OSHKOSH, Wisc., (WFRV) – The city made famous by trucks, experimental aircraft, and dungarees B’gosh is also home to the burgeoning arts community.
Oshkosh is the namesake of the Chief of the Menominee who lived here first.
For generations, the Fox River beckoned immigrant entrepreneurs and became known as the sawdust capital of the world because of all the lumber mills.
In modern times, the craft beer community is giving Milwaukee a run for its money as a “Brew City” and the historic North Main District drew Hollywood star Johnny Depp here to film his gangster film “Public Enemies.”
For the latest edition of her Streed Cred series, Local 5 News Anchor Michele McCormack simply wandered along Main Street.
She followed her nose for the first stop and the smell of fresh-made coffee.
The New Moon Cafe is right across the street from the sundial fountain and is operated by a pair of brothers since around 2005.
“We wanted it to be like coffee shops used to be,” explains owner Aaron Baer. “The hangout, the music, the art and not have it be just a cookie-cutter corporate shop.”
The vast dining area is brought to life with the color of artwork lining the walls and plants in practically every corner.
The decor harkens back to the history of the building which is still standing after being destroyed a couple of times by fire.
“This used to be the Beckwith House a four-story grand hotel,” Baer says. “It burned down a few times. The last time was 1875 since then it’s been everything from a drug store to a men’s clothing store and now it’s this and I don’t think it’s going to change for a while.”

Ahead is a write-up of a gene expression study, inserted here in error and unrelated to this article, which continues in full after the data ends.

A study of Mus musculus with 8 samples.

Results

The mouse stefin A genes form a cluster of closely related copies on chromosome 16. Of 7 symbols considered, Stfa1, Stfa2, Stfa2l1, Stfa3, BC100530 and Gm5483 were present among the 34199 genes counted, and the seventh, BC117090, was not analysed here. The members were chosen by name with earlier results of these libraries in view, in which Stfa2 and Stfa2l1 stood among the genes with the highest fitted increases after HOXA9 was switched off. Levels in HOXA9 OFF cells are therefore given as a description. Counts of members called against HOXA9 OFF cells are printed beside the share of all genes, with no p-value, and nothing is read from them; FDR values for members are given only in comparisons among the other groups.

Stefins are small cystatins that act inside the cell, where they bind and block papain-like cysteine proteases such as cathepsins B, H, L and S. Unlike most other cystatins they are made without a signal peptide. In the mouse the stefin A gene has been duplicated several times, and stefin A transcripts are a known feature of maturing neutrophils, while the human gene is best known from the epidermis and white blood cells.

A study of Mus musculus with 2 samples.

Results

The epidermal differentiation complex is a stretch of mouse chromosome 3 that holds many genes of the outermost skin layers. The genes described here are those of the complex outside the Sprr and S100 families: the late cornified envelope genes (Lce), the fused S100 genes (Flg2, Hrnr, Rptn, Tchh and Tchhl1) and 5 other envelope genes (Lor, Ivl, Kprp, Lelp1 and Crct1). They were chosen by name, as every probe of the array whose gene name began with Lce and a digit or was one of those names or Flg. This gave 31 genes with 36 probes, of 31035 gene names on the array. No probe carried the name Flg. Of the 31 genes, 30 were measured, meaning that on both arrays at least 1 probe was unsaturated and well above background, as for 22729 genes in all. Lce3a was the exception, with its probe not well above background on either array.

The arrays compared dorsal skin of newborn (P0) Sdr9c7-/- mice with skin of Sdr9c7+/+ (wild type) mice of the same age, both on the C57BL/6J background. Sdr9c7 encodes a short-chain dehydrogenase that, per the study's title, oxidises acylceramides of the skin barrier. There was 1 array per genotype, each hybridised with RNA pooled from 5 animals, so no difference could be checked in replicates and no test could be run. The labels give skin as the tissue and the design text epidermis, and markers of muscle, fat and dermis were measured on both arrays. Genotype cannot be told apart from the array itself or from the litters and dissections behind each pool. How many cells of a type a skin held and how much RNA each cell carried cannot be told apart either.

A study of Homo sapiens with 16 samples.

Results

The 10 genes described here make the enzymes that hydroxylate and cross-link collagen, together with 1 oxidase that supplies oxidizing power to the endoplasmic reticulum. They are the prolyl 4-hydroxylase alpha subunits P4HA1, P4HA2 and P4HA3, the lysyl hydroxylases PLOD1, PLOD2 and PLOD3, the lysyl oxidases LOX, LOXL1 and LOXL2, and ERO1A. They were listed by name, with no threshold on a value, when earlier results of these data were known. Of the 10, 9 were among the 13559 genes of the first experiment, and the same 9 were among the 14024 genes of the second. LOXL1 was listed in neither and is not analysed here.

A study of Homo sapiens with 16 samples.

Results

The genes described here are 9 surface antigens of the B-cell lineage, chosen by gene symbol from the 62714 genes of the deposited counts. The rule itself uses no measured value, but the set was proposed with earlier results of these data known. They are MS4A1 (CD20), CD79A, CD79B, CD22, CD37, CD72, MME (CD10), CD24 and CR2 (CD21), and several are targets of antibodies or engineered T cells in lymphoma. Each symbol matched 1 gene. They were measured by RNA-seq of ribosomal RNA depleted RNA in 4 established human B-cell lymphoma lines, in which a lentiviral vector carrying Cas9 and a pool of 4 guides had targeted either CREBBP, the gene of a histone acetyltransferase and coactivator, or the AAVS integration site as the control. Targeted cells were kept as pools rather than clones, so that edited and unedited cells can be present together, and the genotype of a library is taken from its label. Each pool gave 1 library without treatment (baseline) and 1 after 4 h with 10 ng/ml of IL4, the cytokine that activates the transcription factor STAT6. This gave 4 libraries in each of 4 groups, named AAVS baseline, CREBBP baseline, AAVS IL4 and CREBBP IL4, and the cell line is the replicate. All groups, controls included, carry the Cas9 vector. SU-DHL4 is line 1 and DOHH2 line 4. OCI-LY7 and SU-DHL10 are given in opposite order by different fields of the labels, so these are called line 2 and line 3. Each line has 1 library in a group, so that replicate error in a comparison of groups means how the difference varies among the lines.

In the early days, the abundance of wooden structures and sidewalks fanned repeated fires including the great fire of 1875.
Many of the buildings from that reconstruction stand today.
Among those buildings is the Time Cinema building, acquired by a local theatre group back in 2004 and now a community theatre that still operates today.
Then there’s the Dimpsey building that once housed the offices of the Riddle Sister physicians and where the Northwestern Newspaper noted one of the first x-ray machines was used in the 1870s to confirm a mystery that a local attorney’s dog had in fact swallowed a silver dollar.
And then there’s the former Wagner Opera House that later housed the Oshkosh Boys and Girls Club which is now a specialty market owned and operated by restauranteur Mike Buckarma.
Most of the items are Wisconsin-based with specialties from all over.
“We make all our own sausage here,” says Buckarma. “Over a hundred different flavors. 700 different craft beers. Hundreds of cheeses and deli meats. We just decided that downtown Oshkosh needed a specialty market.”
And whiles there’s so much history attached to the buildings here, it’s when you venture inside you get a true sense of the community. For example the Jambalaya Art Cooperative.
“It’s a group of artists who collectively rent the space to exhibit their artwork and work on and collaborative projects like Art in the Alley,” Dan Weber tells Local 5 News. “A lot of us have been here for quite a while since the mid-’90s. It’s been an evolution of the art community that has brought us here.”
And it’s for this reason that those who are here along Main Street don’t worry too much about the empty storefronts that remain.
The city of Oshkosh has a history of rebuilding and that’s a fire that will never burn out.
“The thing I love about Oshkosh and downtown community is that whatever you want to do they’re into it,” added Baer while he roasted a new batch of fresh coffee. “So people have the ability to try something and if it doesn’t work it doesn’t work. Oshkosh is very good with making opportunities for people to try something.”